The high-profile trading failure at BATS this week sparked a rash of negative publicity, gracing the front page of media outlets from the Wall Street Journal to Forbes. In the software industry, more software companies have proclaimed their techology would have sheltered BATS from their storm than cheap umbrella sidewalk vendors on a rainy day in New York City.
An especially troubling rash of "thought leadership" came from my own industry - real-time analytics and complex event processing. Forbes, for example, published an article by SAP (who sells a CEP product) BATS hits the rocks, which may have lifted its sales that proclaims that the BATS incident portends that "CEP technology is about to move from the backwaters of data management technology to center stage."
In Wall Street and Technology, John Bates, the CTO of Progress Software was quoted in the artice Flash Crash at BATS renews Market Concerns to say firms "clearly lacked adequate risk controls such as real-time surveillance and monitoring. Hopefully this incident serves as a wake up call." What kind of software do you think Bates sells? Drum roll please... real-time surveillence and monitoring!"
My company sells these kinds of solutions too. And I know BATS well (disclosure: BATS is not a StreamBase client), and they are as technologically advanced as any firm in the world. So this kind of ambulance chasing is not only unbecoming, it's also dead wrong. It's like suggesting Formula One racing will be safer if the cars can be made to go faster (CEP) and we do a better job of filming them as they go careening into a wall (monitoring). Indeed, BATS quickly reported that they had a bug in their system, so comments about risk management and surveillance are irrelevent.
That said, there's an issue here for the capital markets - but the issue is cultural, not technological.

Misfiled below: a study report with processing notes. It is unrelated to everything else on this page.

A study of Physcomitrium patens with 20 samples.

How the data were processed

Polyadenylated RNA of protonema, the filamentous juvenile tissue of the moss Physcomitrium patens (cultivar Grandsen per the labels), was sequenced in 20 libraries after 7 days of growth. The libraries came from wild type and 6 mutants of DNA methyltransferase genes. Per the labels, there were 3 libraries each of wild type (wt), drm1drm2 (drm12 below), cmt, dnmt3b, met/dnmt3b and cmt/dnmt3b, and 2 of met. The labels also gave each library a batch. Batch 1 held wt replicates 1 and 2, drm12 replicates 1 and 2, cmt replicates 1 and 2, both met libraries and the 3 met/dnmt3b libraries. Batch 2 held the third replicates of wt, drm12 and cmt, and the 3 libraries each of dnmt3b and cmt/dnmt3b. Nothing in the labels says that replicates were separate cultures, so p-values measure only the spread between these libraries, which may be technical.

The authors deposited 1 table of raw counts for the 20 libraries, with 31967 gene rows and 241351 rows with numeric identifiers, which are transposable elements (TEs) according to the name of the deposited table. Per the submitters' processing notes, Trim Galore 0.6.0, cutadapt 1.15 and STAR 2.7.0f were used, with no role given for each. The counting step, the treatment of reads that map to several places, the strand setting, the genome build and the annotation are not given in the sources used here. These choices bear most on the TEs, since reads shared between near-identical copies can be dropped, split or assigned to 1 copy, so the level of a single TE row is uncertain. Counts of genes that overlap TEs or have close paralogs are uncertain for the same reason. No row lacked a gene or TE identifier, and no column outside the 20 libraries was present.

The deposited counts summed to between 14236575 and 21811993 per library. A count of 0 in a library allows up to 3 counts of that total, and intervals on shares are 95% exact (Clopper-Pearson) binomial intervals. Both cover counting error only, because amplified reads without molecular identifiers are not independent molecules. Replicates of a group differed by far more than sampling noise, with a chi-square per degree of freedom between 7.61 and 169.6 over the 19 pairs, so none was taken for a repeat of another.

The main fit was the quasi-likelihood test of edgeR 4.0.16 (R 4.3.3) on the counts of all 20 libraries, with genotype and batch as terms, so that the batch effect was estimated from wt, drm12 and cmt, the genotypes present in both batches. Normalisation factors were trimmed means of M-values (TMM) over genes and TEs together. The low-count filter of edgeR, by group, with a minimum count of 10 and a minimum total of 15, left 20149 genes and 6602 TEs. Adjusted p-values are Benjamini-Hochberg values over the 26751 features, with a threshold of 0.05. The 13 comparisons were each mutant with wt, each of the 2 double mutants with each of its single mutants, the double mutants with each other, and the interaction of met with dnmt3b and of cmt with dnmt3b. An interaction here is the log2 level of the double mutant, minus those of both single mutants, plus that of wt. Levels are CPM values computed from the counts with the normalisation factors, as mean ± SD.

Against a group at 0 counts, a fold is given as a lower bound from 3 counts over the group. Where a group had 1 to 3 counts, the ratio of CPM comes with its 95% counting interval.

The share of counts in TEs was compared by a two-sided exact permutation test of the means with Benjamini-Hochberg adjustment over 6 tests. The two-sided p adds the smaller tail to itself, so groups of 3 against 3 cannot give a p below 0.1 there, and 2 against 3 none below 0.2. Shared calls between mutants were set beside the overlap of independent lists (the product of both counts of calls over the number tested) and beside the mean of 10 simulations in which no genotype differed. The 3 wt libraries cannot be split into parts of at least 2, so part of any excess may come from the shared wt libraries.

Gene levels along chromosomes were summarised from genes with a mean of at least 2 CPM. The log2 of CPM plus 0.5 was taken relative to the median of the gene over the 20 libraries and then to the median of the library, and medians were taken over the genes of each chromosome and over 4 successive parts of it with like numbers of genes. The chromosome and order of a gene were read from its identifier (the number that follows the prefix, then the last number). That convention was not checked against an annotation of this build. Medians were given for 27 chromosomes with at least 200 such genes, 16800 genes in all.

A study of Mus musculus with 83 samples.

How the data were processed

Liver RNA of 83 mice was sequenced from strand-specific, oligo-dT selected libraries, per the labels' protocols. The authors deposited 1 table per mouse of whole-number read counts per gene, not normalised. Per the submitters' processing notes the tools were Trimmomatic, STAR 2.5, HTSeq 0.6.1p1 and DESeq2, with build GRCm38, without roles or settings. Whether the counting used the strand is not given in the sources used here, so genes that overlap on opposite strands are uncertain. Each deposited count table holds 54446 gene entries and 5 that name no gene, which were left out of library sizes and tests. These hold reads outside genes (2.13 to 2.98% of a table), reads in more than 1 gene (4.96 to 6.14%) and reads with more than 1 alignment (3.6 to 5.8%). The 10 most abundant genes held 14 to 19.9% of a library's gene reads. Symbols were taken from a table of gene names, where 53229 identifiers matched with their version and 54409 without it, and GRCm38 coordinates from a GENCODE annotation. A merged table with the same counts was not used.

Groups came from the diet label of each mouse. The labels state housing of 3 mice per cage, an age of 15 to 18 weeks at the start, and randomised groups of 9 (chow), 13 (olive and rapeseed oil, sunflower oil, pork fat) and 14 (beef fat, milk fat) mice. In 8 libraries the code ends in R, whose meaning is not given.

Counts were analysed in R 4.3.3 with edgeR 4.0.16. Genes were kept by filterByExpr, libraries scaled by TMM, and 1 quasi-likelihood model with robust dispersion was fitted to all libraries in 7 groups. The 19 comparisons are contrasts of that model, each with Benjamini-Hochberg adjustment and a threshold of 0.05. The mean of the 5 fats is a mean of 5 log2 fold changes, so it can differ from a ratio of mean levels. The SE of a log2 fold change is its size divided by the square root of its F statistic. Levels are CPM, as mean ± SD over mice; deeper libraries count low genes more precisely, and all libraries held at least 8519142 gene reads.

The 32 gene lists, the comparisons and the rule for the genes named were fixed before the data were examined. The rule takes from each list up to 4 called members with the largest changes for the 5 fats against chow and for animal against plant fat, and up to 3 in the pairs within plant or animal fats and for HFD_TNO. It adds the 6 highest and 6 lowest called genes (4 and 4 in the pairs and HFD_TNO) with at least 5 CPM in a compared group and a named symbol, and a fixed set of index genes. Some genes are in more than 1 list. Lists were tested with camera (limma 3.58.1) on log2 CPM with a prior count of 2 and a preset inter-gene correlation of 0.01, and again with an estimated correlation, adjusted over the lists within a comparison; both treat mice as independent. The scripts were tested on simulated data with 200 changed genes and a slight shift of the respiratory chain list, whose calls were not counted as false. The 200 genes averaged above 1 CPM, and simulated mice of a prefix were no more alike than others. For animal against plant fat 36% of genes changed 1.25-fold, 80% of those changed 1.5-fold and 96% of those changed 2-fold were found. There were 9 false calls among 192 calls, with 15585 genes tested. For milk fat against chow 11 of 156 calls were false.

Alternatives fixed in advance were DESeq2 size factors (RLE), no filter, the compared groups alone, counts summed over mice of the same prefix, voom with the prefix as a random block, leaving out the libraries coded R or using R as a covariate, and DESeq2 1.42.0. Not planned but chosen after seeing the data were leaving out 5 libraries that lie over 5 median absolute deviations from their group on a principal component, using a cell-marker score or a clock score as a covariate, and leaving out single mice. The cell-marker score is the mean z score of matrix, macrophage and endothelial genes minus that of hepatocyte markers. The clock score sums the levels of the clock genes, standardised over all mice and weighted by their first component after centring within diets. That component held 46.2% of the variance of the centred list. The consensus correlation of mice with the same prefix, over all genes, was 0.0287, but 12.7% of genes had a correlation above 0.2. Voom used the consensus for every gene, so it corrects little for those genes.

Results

What's happening in the capital markets is that we are in the midst of real-time automation renaissance. 10 years ago, less than 5% of stock trading in the U.S. markets was done algorithmically; today, as much as 70% is done on computer-implemented, and human designed, algorithms.
Larry Tabb, the founder and chief executive of the Tabb Group, said in the Times that “The markets basically gutted their high-cost, nonstop infrastructures for very fast, low-cost infrastructures." Now we are talking - Larry is on the right path!
In software, mistakes happen frequently. Professor Neil Johnson at the University of Miami analyzed 18,520 "ultrafast Black Swan [trading] events" from 2005-2011. In Stock Market Flaws Not So Rare, the New York Times that just one of the 13 U.S. stock exchanges - NASDAQ - declared 139 breakdowns at other exchanges last year alone, up from 69 the year before.
Software breaks. We have a word for it: bugs. But that's not new. What is new is that the errors can do damage so much more quickly, and, because the world is now so hyperconnected, everyone knows about it more quickly than ever before.
So what is the magic elixir to making the capital markets fast, fair, and safe?
There are still voices out there that seem to think that the answer is to discontinue the use of computers for automation. Ha! The whining about the evils of capitalism and sophisticated technologies continues to rain down from dissenters posting their admonations from inside their pup tents via shiny new iPad 3's. These dissenters need to Get Over It - technology is here to stay, and its use is expanding quickly from Wall Street to Main Street.
Making automation safe and reliable requires complex, cultural change:
1. Continue to refine reporting requirements. You can't manage what you can't measure. In the United States, exchanges didn't report outages on other exchanges until 2007. Nasdaq reports that there have been 110 outages in the last year like the one that triggered the BATS mishap. Continued measurement and transparency will lead the industry toward greater reliability. With more analysis and reporting, more accountability is possible, and regulators could focus on correlating events among exchanges and brokerages to look for systemic flaws.
2. Refine and lighten regulation; don't just pile it on. Dodd Frank and MIFID 2 have put regulation on the must-do agenda of all firms. But it's still largely up to the reader to separate what's essential from what's fluff, and that's not effective. Exchanges like BATS are extrodinarily regulated - so more, heavier regulation is not the answer.
3. More systemic attention to software quality. Moore's Law - the idea that the power of computing doubles approximately every two years, does not apply to software quality. The BATS crash shines a light on the issue that is inbred in innovation; the rising importance of software testing, quality, and simulation. Most firms have ad-hoc processes for quality and should have continuous testing, regression testing, and real world simulation. CEP can make systems go faster, and surveillence helps spot problems more quicky, but when more attention is paid to testing and simulation, less errors occur.
These changes are complex and cultural, not technological. Tools will help, but not solve, the challenge of ensuring a safe, reliable, and fair market.